Rothschild Rescue Plan Upset by Banker Who Got Him Into CoalFirat Kayakiran
Nathaniel Rothschild’s struggle to salvage what he can from a painful foray into Indonesian coal is being confounded by the banker who introduced him to the business.
Tensions between Rothschild and Ian Hannam, 59, a veteran of commodities finance, were renewed Thursday with a formal takeover offer for Asia Resource Minerals Plc by an Indonesian group advised by the boutique firm that carries Hannam’s name.
Asia Coal Energy Ventures, or ACE, offered 41 pence for each ARMS share, it said in a statement. That values ARMS, owner of 85 percent of Indonesia’s PT Berau Coal Energy, at 98.8 million pounds ($150.5 million), almost triple its price on April 13, the day before the plans were first unveiled. Its shares rose 5.9 percent to 40.5 pence at the close in London.
Hannam brokered the 2010 deal that brought Rothschild, 43, into Indonesia’s coal industry. The $3 billion transaction with Indonesia’s powerful Bakrie family led to the creation of Bumi Plc. The relationship subsequently soured amid financial probes in Asia and the U.K., and in 2013 Bumi changed its name to ARMS after a $501 million operation to sever ties with the Bakries.
ACE has provisionally agreed with Austria’s Raiffeisen Bank International AG, which controls 23.8 percent of ARMS, to buy loans it made to companies controlled by former ARMS Chairman Samin Tan for $120 million, according to Thursday’s statement. ACE is advised by Hannam & Partners and funded by Indonesian billionaire Eka Tjipta Widjaja’s Sinarmas Group.
The bid threatens a rescue plan by ARMS founder Rothschild, who controls 17.5 percent of the shares. In February, the financier agreed to underwrite $100 million of equity to help ARMS renegotiate $950 million of debt to avoid default, with shareholders due to vote on the plan on May 14.
ACE has promised to inject $150 million into ARMS. Its bid requires a simple majority of independent shareholders to approve the Raiffeisen loan purchases. ARMS’s financial adviser must also confirm the terms of that agreement as “fair and reasonable,” the London-based company said in a separate statement.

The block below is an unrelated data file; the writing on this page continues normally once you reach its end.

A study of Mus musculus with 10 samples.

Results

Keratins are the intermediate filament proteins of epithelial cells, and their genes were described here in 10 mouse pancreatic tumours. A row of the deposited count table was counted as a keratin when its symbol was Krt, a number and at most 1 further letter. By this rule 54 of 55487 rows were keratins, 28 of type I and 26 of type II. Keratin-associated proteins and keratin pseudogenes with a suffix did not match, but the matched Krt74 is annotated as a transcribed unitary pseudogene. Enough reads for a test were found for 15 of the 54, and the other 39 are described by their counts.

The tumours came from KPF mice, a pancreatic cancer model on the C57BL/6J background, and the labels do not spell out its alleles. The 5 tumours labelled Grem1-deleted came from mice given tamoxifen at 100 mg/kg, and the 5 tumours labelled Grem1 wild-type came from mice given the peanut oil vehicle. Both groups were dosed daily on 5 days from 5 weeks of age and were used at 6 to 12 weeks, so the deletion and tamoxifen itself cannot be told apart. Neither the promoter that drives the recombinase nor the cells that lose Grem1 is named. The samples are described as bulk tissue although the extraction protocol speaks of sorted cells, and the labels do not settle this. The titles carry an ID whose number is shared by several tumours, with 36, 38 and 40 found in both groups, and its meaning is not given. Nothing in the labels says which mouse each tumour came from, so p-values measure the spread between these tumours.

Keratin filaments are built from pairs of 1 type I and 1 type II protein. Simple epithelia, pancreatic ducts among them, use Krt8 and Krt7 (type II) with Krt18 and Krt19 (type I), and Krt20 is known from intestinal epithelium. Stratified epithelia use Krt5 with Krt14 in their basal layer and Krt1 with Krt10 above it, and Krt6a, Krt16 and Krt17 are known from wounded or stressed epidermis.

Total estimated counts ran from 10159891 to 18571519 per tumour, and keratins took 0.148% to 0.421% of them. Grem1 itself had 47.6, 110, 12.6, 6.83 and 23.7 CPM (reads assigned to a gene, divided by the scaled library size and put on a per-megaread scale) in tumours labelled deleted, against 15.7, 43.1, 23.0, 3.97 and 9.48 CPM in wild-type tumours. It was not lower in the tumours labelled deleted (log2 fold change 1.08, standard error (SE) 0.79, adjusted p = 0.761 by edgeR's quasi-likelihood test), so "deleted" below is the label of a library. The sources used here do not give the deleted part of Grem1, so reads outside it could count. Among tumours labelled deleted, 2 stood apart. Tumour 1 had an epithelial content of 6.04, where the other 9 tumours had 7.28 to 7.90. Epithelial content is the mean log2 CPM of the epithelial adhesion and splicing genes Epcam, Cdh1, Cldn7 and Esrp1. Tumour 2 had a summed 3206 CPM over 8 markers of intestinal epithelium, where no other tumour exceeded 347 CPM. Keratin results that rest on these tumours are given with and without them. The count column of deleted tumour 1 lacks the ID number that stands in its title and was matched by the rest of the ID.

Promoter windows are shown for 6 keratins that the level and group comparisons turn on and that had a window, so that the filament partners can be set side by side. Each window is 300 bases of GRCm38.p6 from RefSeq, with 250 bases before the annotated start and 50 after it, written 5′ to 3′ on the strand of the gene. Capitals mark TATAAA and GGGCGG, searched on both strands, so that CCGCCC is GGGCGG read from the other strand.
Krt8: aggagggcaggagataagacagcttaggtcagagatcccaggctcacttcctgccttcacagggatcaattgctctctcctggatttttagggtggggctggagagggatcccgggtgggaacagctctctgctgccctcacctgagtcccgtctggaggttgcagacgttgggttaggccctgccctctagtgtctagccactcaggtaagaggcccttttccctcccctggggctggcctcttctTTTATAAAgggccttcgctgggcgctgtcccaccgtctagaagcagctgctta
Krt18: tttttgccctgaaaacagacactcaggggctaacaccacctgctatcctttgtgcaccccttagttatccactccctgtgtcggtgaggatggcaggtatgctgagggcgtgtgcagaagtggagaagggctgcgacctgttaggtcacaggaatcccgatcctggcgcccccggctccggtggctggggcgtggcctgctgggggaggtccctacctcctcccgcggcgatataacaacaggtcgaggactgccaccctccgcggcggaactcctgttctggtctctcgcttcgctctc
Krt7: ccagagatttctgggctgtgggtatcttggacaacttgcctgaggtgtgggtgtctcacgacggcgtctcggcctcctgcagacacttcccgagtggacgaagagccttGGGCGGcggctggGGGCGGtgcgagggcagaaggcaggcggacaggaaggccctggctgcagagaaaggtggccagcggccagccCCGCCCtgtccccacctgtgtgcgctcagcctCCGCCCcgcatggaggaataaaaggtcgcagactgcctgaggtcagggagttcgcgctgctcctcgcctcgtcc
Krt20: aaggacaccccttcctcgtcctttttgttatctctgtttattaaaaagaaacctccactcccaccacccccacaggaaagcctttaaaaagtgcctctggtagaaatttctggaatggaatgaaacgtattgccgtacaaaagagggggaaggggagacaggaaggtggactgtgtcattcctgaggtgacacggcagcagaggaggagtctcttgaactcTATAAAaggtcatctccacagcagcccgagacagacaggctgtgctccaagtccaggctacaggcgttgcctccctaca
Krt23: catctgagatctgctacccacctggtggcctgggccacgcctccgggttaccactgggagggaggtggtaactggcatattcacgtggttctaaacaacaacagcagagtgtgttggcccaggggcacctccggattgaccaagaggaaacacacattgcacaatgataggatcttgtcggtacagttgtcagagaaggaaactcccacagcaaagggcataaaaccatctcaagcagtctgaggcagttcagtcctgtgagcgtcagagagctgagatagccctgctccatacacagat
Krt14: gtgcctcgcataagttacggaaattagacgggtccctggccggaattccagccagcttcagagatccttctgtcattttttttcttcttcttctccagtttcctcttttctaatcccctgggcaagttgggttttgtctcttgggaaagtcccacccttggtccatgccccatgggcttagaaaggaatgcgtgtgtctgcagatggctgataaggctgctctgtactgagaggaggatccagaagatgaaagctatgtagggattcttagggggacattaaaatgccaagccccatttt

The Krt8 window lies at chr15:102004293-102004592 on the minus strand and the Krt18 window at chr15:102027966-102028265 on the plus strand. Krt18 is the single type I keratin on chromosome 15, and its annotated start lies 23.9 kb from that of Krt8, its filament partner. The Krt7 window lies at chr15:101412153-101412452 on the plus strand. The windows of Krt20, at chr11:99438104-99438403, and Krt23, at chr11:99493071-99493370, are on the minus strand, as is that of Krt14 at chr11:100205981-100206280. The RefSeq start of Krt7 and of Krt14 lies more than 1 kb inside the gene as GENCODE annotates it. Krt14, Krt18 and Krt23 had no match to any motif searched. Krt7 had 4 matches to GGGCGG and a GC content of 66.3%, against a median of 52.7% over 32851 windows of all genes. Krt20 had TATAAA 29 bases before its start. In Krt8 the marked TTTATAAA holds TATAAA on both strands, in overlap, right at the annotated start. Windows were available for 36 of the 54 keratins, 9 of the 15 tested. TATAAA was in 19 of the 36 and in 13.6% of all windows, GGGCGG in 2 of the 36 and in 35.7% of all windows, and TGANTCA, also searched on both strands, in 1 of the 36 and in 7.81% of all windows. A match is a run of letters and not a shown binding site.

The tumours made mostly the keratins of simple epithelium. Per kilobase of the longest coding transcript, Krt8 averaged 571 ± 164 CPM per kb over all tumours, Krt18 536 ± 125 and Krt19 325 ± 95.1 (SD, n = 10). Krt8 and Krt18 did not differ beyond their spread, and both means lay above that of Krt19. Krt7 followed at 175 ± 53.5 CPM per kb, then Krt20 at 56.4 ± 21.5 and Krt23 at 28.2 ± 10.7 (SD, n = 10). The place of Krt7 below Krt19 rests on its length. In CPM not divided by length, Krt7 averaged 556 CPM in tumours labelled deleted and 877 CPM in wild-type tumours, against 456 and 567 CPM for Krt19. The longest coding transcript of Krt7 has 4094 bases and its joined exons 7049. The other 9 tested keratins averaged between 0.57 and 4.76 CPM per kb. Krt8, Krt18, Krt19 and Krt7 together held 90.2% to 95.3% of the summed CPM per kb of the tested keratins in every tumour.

The company’s adviser will have to value the assets held as collateral by Raiffeisen and if the split isn’t judged to be fair, ARMS may not put ACE’s offer to minority holders, a spokesman for Rothschild’s NR Holdings Ltd. said Thursday by telephone.
ACE’s loan-purchase agreement values Raiffeisen’s interest in ARMS at $35 million and other assets at $85 million. In October, Tan lost half his stake along with other assets put up as collateral to the bank after failing to meet the terms of a $224 million loan he took out in 2013 to buy the shares.
ACE is managed by Hong Kong-based Argyle Street Management Ltd., an $850 million hedge fund run by Kin Chan, formerly the Asia chief of Lazard Ltd. Argyle owns a 5.7 percent stake in ARMS. Hannam & Partners was founded by the banker after he left JPMorgan Chase & Co.
“ACE did not engage with the company in respect of the offer prior to today’s announcement,” ARMS said in the statement. “The company is currently analyzing the ACE cash-offer announcement and will provide an update in due course.”